After the massacre at an Oregon community college, the local sheriff made a stand about the gunman. "You will not hear anyone from this law enforcement operation use his name,” said Douglas County Sheriff John Hanlin.
But Mark Memmott, NPR's supervising senior editor for standards and practices, told KUOW’s Ross Reynolds that “the ‘who’ is an important part of the story.”
“It may lead us to what motivated this person, was anyone else involved, did anyone else know he might have been capable of doing something like this and might have been able to stop it,” Memmott said.
“Now with all that said, you don’t have to saturate the coverage, and I don’t think we do, but it does need to be part of the coverage.”
KUOW was among the organizations receiving complaints that giving coverage to the gunman who killed nine others and himself at Umpqua Community College in Roseburg might inspire copycats. Zeynep Tufekci, an assistant professor at the University of North Carolina, told PRI's The World that is indeed a problem.
“I think there's a definite cycle of publicity-seeking, troubled young men with access to guns knowing what to do and playing out almost a script. And we keep playing the script for them," said Zeynap.
Tufekci told The World that the media should shouldn't dwell on details that “create a roadmap for the next person” but instead focus on the victims and heroes of stories like this.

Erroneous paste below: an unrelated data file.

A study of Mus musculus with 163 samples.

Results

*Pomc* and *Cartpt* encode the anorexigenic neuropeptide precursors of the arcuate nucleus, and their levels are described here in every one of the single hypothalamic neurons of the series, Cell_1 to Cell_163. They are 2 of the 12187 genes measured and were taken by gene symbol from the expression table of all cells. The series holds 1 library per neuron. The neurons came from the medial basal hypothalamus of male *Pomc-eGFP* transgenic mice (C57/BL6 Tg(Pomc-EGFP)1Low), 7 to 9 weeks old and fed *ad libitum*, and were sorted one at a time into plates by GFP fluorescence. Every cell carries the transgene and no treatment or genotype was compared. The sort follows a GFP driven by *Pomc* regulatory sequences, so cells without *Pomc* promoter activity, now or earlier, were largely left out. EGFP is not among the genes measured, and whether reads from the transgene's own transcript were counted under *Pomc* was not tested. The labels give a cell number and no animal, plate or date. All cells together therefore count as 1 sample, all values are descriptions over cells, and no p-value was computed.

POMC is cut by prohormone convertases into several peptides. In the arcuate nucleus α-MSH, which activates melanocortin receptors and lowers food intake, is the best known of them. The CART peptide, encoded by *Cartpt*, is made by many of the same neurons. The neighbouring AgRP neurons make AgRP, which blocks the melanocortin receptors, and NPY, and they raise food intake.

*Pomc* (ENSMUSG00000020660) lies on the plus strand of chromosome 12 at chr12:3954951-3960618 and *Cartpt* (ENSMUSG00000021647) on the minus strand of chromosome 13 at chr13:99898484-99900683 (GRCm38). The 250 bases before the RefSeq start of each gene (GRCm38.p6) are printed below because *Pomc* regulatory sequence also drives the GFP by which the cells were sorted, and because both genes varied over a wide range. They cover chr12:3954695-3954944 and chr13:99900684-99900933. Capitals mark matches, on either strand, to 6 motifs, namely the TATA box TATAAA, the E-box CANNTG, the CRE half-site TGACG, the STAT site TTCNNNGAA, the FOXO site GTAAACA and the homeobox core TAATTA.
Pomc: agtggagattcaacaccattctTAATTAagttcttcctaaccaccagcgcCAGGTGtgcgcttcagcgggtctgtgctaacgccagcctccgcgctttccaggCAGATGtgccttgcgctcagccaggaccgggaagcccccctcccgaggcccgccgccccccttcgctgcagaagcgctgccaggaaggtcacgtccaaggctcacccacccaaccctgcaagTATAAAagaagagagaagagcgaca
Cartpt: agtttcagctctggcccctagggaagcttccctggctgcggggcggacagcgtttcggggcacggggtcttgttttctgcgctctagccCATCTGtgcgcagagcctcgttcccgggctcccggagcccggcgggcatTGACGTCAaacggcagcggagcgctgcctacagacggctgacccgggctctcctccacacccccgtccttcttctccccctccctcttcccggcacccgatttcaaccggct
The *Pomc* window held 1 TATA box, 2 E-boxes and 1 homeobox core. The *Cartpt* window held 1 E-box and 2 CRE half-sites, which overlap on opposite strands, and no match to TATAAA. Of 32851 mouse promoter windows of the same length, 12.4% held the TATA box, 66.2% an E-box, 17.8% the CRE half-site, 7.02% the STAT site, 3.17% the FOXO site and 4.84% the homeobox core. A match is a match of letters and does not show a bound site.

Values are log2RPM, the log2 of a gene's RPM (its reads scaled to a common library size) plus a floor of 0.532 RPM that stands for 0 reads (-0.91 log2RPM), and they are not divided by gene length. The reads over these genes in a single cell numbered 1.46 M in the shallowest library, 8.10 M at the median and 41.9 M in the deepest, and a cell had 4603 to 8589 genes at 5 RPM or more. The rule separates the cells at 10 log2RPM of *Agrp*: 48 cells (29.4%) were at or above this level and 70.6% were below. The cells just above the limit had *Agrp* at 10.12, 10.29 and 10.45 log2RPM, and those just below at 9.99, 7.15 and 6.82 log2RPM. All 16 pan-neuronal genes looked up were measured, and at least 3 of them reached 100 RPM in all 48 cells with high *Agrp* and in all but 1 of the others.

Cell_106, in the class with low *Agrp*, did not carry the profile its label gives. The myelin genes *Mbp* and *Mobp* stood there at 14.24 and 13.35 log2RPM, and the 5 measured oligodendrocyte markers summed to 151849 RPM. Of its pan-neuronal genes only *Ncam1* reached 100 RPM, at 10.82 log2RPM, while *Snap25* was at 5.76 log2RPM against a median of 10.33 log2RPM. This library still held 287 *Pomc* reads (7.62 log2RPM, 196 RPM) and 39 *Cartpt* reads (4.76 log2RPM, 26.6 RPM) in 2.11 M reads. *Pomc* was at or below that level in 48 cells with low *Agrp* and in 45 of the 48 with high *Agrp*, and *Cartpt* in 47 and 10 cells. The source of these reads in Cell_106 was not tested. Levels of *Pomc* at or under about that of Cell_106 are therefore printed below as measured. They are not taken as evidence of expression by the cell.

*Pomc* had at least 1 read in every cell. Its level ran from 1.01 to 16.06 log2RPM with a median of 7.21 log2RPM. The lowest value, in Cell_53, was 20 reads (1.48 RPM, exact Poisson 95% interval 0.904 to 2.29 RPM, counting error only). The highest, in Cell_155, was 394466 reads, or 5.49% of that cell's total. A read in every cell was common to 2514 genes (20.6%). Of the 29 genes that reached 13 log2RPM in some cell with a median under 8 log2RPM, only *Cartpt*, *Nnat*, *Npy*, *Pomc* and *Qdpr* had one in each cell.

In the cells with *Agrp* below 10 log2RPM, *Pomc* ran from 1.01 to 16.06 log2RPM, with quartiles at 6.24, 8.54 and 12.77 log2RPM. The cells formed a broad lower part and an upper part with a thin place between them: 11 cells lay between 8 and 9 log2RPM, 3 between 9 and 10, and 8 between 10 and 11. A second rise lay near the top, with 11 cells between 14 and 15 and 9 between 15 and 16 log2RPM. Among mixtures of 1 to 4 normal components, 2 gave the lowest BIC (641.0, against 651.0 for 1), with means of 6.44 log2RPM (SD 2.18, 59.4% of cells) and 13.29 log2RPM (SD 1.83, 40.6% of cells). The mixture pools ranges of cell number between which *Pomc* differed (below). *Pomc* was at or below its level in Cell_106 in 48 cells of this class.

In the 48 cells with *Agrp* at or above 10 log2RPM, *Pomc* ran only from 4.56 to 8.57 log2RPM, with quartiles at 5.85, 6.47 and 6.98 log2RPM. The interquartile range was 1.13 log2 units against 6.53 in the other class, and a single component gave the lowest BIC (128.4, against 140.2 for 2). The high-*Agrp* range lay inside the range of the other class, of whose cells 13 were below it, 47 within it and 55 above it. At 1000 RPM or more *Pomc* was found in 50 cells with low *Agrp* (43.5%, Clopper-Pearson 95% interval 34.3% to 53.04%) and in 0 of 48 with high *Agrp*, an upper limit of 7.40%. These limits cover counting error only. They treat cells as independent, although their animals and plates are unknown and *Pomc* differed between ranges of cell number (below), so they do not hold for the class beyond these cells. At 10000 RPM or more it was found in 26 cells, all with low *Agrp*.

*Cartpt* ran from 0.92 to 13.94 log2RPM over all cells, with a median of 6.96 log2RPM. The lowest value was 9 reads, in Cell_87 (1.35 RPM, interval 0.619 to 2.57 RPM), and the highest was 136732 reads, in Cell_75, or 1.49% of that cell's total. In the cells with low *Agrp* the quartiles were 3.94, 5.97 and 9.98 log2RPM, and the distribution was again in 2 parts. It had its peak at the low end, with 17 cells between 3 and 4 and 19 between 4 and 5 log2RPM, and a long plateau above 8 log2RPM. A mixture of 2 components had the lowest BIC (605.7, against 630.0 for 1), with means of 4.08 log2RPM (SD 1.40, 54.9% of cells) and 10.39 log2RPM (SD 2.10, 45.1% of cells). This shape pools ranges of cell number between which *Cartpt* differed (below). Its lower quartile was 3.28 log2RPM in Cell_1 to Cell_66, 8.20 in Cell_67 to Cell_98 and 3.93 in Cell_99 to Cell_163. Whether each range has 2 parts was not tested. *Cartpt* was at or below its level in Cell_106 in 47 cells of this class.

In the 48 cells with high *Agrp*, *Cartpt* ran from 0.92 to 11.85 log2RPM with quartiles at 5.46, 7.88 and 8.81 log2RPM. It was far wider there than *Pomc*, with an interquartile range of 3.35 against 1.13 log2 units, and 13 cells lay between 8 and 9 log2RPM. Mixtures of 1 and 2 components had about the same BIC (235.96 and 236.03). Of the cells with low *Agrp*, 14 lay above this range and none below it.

Memmott said that’s exactly what NPR has done in the Roseburg case.
“You don’t print a full manifesto if one has been left behind or you don’t air a whole video. That’s propaganda,” he said.
“We’re moving on to the stories of the victims, the heroes, the first responders, all those other parts of the story, which are really important.”
As for community sensitivity to stories like this, Memmott said a news organization has to “understand and respect what people are saying.” Even so: “We’re in the business of just reporting the facts. And one of the facts is the name.”
And that might be easier for media like KUOW and NPR in another city than it is for, say, the Roseburg newspaper.
“The local paper is coming under a different kind of pressure,” he said. “I can understand if they make a different decision.”
Produced for the Web by Gil Aegerter.